What is Omega-3?
“Fat” is such a demonized word, but despite its negative connotations, it’s not always a bad thing. Omega-3 is a fatty acid, which is a type of polyunsaturated fat. There are many different types, but there are 3 that are incredibly important:
ALA = alpha-linolenic acid (short-chain)
EPA = eicosapentaenoic acid (long-chain)
DHA = docosahexaenoic acid (long-chain)
What is an Essential Fatty Acid?
ALA is otherwise known as the parent fatty acid, because it can be used to create both EPA and DHA. It’s required by the body but humans are unable to synthesize it, so ALA is “essential”. In other words, we must acquire it from our diet. However, the conversion rate of ALA into EPA and DHA is quite low, so they are classed as “conditionally essential” and it is often advised that we find dietary sources of these as well.
Why do we Need Omega-3?
Omega-3 is an important component of cell membranes and is necessary for the effective functioning of the immune and nervous systems, brain development and cholesterol management. It also has an effect on our inflammatory responses; a deficiency of omega-3 has been linked to inflammatory diseases, such as heart disease and diabetes.
Are There Any Vegan Sources of Omega-3?
There are plenty of plant-based sources that contain ALA fatty acids, including walnuts, chia seeds, flaxseeds, rapeseed oil and hemp seeds. However, the only vegan sources of EPA and DHA are seaweed and other types of algae, which makes it difficult to obtain adequate amounts. It is therefore recommended that vegans take omega-3 supplements and/or eat more foods with ALA omega-3 than those who don’t follow a plant-based diet.
What About Omega-6?
Omega-6s are also “essential” fatty acids that play important roles in bodily functions. There is a lot more omega-6 readily available in the Western diet compared to omega-3, including those who eat fish and meat. Subsequently, modern humans consume far more than our ancestors used to. Evidence suggests that omega-6 is pro-inflammatory, as opposed to omega-3 which is anti-inflammatory. Due to the changes in the Western diet, the balance of these two “essential” fatty acids has been greatly disturbed and links have been made to chronic inflammatory diseases. However, there is a lot of conflicting evidence and other studies have found that linoleic acid (LA), the most common omega-6 fatty acid, doesn’t increase levels of inflammatory markers and is not indicated in the cause of cardiovascular disease, or any other chronic lifestyle disease.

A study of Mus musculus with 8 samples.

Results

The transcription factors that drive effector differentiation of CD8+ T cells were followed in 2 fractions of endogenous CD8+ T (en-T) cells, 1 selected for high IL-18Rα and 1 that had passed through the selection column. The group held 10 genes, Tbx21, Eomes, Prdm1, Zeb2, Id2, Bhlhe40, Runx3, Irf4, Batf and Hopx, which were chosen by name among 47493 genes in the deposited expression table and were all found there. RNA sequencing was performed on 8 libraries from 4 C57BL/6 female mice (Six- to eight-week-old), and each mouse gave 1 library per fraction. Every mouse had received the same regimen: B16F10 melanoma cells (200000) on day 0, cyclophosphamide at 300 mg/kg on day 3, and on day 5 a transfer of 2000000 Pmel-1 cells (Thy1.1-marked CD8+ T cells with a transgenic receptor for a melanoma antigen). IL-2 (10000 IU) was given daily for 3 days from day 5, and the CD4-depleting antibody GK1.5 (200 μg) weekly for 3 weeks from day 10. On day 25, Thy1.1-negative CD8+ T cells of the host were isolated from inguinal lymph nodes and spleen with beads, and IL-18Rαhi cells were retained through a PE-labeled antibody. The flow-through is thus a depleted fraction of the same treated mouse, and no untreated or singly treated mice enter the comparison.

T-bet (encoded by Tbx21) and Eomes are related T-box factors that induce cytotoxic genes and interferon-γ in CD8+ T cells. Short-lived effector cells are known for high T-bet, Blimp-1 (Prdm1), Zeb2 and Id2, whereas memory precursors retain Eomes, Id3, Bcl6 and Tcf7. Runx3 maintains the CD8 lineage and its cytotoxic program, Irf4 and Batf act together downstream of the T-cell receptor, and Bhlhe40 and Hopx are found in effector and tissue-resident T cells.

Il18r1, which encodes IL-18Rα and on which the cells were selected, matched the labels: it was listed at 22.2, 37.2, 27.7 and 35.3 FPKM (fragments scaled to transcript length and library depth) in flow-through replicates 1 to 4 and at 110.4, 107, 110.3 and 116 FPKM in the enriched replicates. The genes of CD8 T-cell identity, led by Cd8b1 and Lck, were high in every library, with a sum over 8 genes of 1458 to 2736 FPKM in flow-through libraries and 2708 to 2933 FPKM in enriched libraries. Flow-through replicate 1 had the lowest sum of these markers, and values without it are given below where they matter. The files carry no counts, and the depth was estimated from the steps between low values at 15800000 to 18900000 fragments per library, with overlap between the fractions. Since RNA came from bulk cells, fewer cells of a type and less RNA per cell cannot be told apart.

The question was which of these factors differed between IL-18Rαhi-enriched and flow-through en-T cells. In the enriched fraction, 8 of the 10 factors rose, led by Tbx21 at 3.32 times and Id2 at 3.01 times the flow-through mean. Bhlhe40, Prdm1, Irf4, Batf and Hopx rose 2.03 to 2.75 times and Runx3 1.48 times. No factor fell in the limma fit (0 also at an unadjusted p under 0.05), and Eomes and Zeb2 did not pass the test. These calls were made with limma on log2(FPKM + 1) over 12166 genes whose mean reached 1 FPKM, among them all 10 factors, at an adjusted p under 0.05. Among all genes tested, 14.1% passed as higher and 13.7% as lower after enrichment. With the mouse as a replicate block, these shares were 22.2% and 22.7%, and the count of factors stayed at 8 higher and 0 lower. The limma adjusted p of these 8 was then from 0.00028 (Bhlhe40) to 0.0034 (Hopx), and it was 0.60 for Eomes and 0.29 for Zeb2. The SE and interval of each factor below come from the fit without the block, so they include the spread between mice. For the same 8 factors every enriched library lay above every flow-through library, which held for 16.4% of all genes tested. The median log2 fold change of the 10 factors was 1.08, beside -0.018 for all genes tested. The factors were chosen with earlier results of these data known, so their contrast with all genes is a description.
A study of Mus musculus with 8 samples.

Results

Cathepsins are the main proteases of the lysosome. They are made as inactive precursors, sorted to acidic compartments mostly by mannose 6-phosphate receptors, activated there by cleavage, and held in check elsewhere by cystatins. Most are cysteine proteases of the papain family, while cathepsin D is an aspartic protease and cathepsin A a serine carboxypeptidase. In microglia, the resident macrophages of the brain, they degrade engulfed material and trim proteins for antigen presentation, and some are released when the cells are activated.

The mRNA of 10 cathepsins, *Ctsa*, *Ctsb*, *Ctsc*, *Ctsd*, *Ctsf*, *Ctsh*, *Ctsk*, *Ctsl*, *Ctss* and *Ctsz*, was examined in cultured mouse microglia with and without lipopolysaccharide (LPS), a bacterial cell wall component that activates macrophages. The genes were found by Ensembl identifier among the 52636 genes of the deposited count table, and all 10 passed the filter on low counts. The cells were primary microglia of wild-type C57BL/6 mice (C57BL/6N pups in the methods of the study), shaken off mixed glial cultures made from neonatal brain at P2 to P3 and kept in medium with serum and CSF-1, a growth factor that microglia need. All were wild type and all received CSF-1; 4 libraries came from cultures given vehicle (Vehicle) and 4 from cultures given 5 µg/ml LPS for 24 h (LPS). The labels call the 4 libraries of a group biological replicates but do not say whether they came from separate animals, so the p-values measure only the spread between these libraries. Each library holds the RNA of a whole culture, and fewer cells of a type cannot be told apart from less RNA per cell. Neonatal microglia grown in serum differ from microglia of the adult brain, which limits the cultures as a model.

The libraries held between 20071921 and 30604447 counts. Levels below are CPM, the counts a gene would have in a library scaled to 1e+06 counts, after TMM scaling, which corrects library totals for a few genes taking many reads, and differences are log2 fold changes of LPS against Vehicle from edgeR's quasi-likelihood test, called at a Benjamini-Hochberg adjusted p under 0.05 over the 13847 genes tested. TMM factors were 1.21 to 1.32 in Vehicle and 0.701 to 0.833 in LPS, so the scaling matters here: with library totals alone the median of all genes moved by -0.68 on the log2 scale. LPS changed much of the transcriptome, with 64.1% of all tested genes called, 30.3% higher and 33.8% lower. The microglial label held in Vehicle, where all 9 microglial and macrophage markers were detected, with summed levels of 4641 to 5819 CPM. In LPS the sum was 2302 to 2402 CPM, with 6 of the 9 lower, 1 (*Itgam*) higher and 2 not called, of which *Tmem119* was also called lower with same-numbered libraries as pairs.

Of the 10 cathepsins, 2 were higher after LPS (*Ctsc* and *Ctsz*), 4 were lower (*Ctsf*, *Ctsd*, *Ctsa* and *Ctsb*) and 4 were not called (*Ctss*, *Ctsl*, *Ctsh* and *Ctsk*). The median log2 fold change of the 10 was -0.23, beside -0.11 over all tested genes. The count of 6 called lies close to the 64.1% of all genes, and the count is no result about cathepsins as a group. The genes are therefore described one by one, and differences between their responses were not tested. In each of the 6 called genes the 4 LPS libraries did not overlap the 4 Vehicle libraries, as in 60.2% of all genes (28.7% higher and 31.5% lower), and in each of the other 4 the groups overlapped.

Balancing Omega-3 With Omega-6
Despite the contrasting studies, it is clear that omega-6 and omega-3 compete for the same enzymes and therefore, humans should obtain a balance of the two in their diets. Unfortunately, the recommended ratio keeps changing and some experts have done away with the ratio altogether. Confusing, right? So how can vegans balance their omega-3 and omega-6? Luckily, there have been plenty of research trials that have studied the positive effects of giving people omega-3 supplements and, so far, there has been no evidence to suggest that people are eating too much omega-3 (even the greediest of pescetarians). The advice to vegans would be to eat plenty of plant-based sources of omega-3 and reduce their consumption of processed foods that are high in omega-6. For example, switching a cheap processed vegetable oil to high-quality rapeseed oil.
Are There Vegan Omega-3 Supplements?
Yes! Herbaland makes delicious plant-based omega-3 gummies using Canadian flaxseed oil, which is the richest plant-source of ALA omega-3. Because they’re not made from fish or algae, they don’t have that horrible fishy flavor. The majority of omega-3 supplements are made using gelatin, glucose, palm tree wax, yellow beeswax and other unhealthy and unsustainable ingredients. However, Herbaland’s omega-3 supplements are sugar-free and made using 100% vegan pectin. Plus, they’re packed full of tasty vitamin C! See what kids have to say about the Herbaland omega-3 supplements There are also omega-3 supplements that are made using algae, but these tend to be much more expensive, harder to source locally and less palatable.
Do Vegans Need Omega-3 Supplements?
Vegans need to eat a lot of omega-3 to convert enough ALA to fulfil their dietary requirements and balance out the omega-6. Plant-based sources are limited, so omega-3 supplements are often recommended.
There’s a lot of information to process regarding omega-3 and omega-6 and hopefully, this article has given you some food for thought! To summarise, here are the take-home messages: Vegans need to be more conscious about their omega-3 consumption. There are 3 main types of omega-3: ALA, EPA and DHA fatty acids. Vegan sources of omega-3 mainly contain ALA fatty acids, although seaweed and other algae contain EPA and DHA. Vegans only need to eat food containing ALA, but need to eat a lot due to an inefficient conversion rate. It’s important to balance omega-3 and omega-6. Omega-6 is abundant in the modern Western diet, especially in processed foods. Everyone, including vegans, should try to eat more foods high in omega-3 and less processed foods high in omega-6. That means regularly eating foods rich in ALA fatty acids such as flaxseed, chia seeds, walnuts, rapeseed oil and hemp seeds.
For example, these healthy snacks are rich in vegan omega-3:
Nagi’s Chia & Goji Berry Protein Bars
Edible Ethic’s Breakfast Chia Pudding
Vegan Sister’s Rockin’ Raw Walnut Brownies
Taking vegan supplements is a much easier way of guaranteeing a regular and adequate supply of omega-3.